240229-N-ED646-1045 SOUDA BAY, GREECE (Feb. 29, 2024) Quartermaster 1st Class Brandon Gould, assigned to the Harpers Ferry-class dock landing ship USS Carter Hall (LSD 50), hoists up the Greek flag as the ship pulls into Souda Bay, Greece for a scheduled port visit, Feb. 29. Carter Hall is on a scheduled deployment in the U.S. Naval Forces Europe area of operations, employed by the U.S. 6th Fleet to defend U.S., Allied and partner interests. (U.S. Navy photo by Mass Communication Specialist 2nd Class Moises Sandoval)

Naval Exercises Intensify as Greece Aims to Prevent Russian Oil Transfers


By Alex Longley (Bloomberg) Greece’s Navy extended a series of exercises aimed at preventing tankers from transferring Russian oil just miles off its coastline.

The navy said in a notice that it will be conducting exercises until May 19 in the Laconian Gulf, an expanse of water that’s become well-known in the oil market as a location for Russian oil switching. It had been due to finish on May 9.

A person familiar with the matter said that the exercises are aimed at deterring the ship-to-ship transfers. When Greece first announced the drills last week, tankers quickly evacuated the area, gathering to the south instead.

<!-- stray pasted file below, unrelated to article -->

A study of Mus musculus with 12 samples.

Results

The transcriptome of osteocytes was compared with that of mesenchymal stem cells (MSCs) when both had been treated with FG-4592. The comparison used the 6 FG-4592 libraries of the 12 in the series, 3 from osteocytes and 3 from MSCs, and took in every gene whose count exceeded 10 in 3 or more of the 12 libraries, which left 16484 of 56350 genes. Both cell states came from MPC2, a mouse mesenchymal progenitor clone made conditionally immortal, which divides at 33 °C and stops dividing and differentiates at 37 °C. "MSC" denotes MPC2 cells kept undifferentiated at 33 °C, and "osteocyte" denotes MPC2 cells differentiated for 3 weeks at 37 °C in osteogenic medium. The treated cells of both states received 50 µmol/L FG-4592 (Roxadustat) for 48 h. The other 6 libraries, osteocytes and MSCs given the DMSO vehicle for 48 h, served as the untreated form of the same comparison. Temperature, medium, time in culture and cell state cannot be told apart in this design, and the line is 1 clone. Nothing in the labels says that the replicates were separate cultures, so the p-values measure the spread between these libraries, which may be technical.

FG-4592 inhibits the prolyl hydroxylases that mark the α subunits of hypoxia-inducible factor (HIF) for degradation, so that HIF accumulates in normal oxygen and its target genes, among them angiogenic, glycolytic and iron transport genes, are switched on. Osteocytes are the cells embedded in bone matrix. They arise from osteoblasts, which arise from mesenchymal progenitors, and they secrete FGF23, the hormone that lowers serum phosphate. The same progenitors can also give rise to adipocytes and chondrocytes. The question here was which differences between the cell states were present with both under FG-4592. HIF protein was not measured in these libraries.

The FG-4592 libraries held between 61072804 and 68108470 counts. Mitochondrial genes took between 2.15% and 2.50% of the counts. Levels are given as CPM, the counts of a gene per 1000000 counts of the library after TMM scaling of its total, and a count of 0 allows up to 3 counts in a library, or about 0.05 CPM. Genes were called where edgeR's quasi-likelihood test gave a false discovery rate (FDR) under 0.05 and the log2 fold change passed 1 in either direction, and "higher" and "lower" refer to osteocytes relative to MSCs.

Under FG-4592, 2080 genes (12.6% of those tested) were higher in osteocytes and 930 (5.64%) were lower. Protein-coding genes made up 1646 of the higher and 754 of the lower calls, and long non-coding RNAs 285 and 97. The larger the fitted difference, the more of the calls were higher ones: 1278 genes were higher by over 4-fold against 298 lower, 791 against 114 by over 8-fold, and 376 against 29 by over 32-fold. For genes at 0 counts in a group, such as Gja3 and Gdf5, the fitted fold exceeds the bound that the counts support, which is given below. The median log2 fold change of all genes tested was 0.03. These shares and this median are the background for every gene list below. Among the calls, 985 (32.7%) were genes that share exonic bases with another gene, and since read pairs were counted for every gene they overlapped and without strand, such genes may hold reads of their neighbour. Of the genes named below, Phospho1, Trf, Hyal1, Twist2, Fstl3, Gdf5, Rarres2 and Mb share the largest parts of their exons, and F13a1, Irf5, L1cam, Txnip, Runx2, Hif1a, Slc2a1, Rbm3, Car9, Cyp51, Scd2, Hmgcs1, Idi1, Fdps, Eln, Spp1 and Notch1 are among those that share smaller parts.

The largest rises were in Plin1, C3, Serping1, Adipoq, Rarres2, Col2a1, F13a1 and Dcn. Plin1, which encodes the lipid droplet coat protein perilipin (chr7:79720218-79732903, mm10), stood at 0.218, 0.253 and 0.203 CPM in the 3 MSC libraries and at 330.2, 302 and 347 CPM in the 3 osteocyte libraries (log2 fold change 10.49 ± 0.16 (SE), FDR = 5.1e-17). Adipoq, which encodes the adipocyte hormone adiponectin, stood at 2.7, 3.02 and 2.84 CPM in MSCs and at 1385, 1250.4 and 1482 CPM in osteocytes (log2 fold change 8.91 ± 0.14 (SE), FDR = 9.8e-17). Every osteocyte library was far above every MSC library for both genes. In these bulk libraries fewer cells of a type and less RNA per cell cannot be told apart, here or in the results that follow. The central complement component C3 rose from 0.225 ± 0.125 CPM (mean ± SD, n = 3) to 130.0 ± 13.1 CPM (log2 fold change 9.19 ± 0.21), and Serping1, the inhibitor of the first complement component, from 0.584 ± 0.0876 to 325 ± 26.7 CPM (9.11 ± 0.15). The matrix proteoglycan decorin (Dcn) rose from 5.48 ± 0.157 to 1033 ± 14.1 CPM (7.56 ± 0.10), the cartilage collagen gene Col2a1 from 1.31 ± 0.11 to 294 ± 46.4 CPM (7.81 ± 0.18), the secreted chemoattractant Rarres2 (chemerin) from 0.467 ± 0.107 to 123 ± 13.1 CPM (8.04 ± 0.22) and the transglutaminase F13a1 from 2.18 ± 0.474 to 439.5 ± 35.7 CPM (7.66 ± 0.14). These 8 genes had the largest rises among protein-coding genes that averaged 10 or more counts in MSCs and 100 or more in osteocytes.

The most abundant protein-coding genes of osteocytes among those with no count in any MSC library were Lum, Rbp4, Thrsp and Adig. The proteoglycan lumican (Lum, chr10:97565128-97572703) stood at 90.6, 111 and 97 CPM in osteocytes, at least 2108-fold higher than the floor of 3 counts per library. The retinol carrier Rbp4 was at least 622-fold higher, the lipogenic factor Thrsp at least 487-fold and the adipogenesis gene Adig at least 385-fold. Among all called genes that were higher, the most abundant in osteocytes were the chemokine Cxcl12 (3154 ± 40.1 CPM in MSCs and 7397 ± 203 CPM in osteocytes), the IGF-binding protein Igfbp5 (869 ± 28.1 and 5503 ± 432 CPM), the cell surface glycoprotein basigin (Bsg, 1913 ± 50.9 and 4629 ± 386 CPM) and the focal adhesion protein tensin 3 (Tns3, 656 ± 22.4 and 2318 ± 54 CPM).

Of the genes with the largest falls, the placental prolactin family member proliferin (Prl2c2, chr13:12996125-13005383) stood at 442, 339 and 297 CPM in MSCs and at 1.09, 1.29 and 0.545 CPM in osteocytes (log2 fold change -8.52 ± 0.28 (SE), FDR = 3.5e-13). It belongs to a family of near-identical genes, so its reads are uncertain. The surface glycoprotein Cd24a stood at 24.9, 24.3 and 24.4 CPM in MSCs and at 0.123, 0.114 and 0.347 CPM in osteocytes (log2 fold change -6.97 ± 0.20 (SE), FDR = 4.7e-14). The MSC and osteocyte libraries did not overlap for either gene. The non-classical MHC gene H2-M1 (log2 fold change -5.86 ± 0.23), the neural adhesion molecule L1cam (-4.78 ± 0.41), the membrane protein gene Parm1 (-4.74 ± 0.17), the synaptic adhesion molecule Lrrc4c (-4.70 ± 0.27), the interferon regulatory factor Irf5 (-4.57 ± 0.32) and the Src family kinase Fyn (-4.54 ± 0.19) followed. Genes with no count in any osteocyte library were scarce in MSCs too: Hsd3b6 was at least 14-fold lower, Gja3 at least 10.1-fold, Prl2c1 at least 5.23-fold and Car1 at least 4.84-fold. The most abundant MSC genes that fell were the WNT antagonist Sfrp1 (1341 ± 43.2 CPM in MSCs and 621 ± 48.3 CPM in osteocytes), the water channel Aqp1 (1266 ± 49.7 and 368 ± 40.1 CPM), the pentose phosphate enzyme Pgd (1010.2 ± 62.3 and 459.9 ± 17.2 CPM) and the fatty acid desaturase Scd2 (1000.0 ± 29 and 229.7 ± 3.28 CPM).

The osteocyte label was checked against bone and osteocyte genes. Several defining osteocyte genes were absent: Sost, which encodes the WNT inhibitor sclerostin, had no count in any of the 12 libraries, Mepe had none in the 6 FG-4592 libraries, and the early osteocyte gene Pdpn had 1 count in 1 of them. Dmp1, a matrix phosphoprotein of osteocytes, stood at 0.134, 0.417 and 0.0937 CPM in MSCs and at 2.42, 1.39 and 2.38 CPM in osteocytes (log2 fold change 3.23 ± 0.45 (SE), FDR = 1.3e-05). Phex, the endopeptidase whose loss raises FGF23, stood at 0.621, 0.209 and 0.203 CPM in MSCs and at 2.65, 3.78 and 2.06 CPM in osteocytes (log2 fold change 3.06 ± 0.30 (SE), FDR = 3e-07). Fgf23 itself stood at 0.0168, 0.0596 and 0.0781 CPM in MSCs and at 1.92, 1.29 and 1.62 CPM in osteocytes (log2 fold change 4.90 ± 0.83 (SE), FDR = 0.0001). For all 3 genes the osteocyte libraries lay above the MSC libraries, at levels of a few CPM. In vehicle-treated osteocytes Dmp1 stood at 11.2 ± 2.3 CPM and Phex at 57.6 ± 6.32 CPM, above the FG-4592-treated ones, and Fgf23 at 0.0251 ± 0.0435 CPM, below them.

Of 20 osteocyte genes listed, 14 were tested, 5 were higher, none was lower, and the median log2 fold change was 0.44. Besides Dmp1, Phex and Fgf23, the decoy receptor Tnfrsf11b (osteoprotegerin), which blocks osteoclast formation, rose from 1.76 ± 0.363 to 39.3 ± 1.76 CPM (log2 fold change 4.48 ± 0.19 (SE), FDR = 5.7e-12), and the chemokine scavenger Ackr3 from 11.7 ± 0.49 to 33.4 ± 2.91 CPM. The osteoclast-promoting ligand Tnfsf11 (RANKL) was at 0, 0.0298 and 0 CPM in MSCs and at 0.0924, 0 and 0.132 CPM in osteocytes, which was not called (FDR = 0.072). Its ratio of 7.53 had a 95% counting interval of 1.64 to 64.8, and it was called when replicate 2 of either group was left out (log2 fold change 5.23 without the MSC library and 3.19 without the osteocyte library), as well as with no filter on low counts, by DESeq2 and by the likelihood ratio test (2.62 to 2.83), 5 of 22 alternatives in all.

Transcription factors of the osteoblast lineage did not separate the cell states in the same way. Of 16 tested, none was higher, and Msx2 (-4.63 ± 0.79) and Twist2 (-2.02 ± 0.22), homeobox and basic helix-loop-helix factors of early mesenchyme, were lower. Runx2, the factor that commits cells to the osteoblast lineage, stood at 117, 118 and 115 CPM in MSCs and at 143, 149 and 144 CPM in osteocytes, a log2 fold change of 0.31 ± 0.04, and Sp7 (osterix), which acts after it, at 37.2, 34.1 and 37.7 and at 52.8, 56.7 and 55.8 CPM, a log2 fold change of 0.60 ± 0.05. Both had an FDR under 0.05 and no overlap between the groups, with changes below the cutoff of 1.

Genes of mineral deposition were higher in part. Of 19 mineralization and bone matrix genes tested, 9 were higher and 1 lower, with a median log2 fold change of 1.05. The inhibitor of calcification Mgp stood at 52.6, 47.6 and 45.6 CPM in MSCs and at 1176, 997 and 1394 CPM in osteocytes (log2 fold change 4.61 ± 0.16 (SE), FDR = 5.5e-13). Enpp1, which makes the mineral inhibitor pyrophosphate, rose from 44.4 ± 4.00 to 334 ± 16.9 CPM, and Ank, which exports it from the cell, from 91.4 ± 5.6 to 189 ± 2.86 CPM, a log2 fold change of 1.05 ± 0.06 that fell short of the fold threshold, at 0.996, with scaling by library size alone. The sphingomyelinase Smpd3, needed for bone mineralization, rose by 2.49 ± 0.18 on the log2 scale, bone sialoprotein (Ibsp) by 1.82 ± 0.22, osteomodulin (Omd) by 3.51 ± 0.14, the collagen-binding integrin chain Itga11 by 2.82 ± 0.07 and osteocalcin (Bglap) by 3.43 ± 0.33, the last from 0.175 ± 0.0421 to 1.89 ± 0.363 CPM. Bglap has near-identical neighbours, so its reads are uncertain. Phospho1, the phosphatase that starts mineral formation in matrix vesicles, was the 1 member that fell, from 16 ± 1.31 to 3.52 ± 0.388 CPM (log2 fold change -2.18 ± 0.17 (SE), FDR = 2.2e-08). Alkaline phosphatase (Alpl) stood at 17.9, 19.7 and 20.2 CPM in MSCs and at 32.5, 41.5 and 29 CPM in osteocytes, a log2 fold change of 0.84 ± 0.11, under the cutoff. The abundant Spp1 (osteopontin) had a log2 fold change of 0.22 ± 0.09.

The gulf, surrounded by hills that protect ships from the wind, has become a pivotal location for the shadowy transfer of Russian cargoes for onward shipment to buyers in Asia. 

However, because the transfers are happening outside of Greece’s direct territorial waters, Athens hadn’t been able to prevent the switching. It’s not clear what has changed for Greece to take a more-assertive approach now.

The transfers have sparked concerns of a major environmental spill in a picturesque area of European coastline. 

Denmark, which is next to a trade route for Russian oil from the Baltic Sea, also carried out similar, albeit brief, naval activity about a month ago.

When Bloomberg News visited the Laconian Gulf in September last year, about a dozen tankers were involved in cargo switching. 

Some of them were part of a large so-called shadow-fleet of aging tankers whose ownership and insurance status was unclear, raising a question about who would be liable were something to go wrong during the transfer.

By Alex Longley © 2024 Bloomberg L.P.